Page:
Mangrove forests are some of the most complex and awe-inducing ecosystems in the world. Arising in the intertidal zone between land and sea, these miraculous forests grow in challenging conditions. The trees take root in soils that are waterlogged and oxygen-poor, alternately submerged and exposed to the air as the tide rises and falls. In these seemingly impossible circumstances, they not only survive but thrive. And in turn, they help us thrive too.
About 5% of the 14.5 million hectares of mangroves worldwide are located in the Western Indian Ocean (WIO) region. Within that region, 99% of mangroves – some 745,518 ha – are found in Kenya, Madagascar, Mozambique and Tanzania. Mangrove forests provide immense value to the coastal communities within these countries. In addition to being a source of food – providing nurseries and habitat for fish and crustaceans amongst a wealth of other species – mangroves maintain the livelihoods of hundreds of thousands of people across the region, supporting industries such as fishing, beekeeping and tourism. The unmatched high density of mangrove wood is often relied on for fuel and for construction materials. In addition, mangroves perform essential ecosystem services such as water filtration, nutrient cycling, carbon sequestration, and shoreline protection – acting as a buffer for storms by trapping sediment and dissipating waves.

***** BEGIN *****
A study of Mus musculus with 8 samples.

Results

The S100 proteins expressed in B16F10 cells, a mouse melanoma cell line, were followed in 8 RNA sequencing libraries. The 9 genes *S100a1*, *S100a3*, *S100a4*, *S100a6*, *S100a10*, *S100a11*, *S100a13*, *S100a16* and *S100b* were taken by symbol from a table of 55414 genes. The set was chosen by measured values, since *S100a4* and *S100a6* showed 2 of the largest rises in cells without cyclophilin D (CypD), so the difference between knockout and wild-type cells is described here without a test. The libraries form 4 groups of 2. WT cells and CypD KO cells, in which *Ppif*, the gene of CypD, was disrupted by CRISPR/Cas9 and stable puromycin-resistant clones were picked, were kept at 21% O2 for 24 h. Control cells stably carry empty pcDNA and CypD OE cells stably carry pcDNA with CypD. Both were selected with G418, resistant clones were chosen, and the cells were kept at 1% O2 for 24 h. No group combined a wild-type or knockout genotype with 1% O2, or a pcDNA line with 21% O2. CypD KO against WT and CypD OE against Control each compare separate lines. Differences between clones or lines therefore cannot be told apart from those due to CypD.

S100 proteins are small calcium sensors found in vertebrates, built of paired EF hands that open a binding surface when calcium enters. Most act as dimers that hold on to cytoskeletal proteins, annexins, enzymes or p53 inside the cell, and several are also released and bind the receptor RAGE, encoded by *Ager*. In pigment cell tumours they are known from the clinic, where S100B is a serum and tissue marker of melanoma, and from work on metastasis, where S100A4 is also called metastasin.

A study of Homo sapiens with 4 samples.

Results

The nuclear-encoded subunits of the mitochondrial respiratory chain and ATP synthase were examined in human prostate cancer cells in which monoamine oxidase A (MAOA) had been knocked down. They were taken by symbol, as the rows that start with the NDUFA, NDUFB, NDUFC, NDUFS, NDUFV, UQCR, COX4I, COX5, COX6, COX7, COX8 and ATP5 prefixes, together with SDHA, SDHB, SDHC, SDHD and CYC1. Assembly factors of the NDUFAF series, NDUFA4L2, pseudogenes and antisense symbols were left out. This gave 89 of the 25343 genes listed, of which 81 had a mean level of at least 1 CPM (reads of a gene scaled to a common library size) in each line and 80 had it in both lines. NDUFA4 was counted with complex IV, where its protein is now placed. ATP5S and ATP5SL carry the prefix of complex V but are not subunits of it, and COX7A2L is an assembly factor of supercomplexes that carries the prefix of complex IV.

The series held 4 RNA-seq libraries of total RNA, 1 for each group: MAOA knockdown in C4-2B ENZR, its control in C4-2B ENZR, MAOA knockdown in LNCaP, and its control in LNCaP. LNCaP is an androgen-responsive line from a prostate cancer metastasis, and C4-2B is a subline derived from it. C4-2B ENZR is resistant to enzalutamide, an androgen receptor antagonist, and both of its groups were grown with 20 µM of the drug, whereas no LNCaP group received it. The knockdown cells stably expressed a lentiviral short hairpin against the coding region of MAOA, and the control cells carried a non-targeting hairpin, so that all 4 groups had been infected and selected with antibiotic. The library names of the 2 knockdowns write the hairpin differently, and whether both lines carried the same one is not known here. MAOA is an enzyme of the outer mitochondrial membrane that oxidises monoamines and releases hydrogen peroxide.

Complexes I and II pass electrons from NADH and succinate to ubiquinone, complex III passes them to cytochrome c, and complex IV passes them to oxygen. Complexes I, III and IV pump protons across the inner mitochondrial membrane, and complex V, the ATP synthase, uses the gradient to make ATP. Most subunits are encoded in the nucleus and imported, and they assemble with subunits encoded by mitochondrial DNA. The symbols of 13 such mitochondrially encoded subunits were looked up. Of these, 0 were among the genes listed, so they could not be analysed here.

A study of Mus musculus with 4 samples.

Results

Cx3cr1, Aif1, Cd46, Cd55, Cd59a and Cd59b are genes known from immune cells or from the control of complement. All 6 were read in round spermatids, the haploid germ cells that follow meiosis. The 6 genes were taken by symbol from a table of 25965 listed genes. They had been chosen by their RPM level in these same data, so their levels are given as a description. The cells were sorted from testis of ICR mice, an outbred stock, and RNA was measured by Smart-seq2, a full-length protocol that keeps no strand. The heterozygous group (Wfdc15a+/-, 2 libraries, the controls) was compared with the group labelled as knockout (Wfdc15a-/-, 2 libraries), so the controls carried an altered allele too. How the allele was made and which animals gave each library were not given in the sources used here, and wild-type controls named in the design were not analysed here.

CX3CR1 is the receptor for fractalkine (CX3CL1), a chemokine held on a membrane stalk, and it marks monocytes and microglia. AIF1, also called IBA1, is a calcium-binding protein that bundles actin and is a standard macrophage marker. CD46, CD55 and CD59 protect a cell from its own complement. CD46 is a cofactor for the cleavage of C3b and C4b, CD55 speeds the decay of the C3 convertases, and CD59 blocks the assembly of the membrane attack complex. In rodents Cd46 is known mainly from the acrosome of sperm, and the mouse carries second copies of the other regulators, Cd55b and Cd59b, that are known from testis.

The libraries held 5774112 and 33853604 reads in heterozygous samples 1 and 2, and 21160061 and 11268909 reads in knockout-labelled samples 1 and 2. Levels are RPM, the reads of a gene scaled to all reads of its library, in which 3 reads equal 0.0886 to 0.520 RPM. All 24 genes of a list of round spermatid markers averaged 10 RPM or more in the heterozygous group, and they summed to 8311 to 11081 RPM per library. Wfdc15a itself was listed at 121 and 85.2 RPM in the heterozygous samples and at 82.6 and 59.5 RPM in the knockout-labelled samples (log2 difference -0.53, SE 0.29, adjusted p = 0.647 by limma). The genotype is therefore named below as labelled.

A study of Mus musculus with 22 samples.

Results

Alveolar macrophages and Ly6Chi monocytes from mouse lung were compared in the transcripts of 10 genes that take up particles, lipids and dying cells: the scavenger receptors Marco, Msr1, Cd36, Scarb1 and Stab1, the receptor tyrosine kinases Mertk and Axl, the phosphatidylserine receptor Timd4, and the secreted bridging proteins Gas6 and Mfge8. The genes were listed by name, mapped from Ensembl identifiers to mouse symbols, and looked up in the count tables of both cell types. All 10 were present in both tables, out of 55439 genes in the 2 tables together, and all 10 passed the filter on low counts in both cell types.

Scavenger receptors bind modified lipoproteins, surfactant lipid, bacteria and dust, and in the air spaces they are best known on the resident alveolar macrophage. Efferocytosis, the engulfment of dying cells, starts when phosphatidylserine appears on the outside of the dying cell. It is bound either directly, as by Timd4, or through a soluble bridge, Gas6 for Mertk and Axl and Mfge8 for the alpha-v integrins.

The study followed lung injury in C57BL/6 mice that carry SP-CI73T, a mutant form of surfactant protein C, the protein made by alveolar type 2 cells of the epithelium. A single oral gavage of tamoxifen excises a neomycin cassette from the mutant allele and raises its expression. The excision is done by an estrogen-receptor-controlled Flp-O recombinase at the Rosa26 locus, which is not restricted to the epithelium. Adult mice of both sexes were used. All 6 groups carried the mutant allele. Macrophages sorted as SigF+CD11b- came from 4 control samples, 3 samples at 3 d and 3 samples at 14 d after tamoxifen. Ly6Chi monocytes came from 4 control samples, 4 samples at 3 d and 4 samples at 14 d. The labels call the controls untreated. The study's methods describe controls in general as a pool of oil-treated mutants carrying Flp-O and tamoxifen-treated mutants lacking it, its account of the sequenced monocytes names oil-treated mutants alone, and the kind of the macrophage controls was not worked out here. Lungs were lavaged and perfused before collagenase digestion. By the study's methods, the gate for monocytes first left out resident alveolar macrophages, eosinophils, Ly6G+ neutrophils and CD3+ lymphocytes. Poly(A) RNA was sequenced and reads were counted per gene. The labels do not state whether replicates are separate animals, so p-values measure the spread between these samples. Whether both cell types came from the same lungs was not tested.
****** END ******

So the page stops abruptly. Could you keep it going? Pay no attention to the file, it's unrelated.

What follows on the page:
Minna Epps, Head of IUCN Ocean Team Centre of Conservation Action
This report offers an overview of the work by the Save our Mangroves Now! (SOMN) initiative in the region to date, bringing together data on extent, loss and gains, and the socio-economic
value of mangroves in the region, as well as governance challenges and policy opportunities. We hope this will support national efforts and inform the development of a regional mangrove action plan in the Western Indian Ocean region, enabling coordinated and collective action on mangrove conservation and restoration. In addition, we created the guiding principles on sustainable mangrove ecosystem management and aspire for them to guide the design of collective action at the national and regional level in the Western Indian Ocean region and beyond.
We find ourselves at a critical moment in the global effort to secure a healthy and prosperous future for people and nature, as countries around the world – including those spotlighted in this report – come together to take stock of their national efforts towards the global agreement on limiting global warming and adopting a global action plan for restoring nature by 2030. Now more than ever, it is essential that actors at all levels – from local to regional to international – pool knowledge and resources in order to reach our collective goals. We are
encouraged to witness the leadership of the Western Indian Ocean region to protect these precious ecosystems that sustain life in myriad ways, and we hope it will inspire other regions to unite under a shared vision to protect and restore mangroves: our #RootsofHope.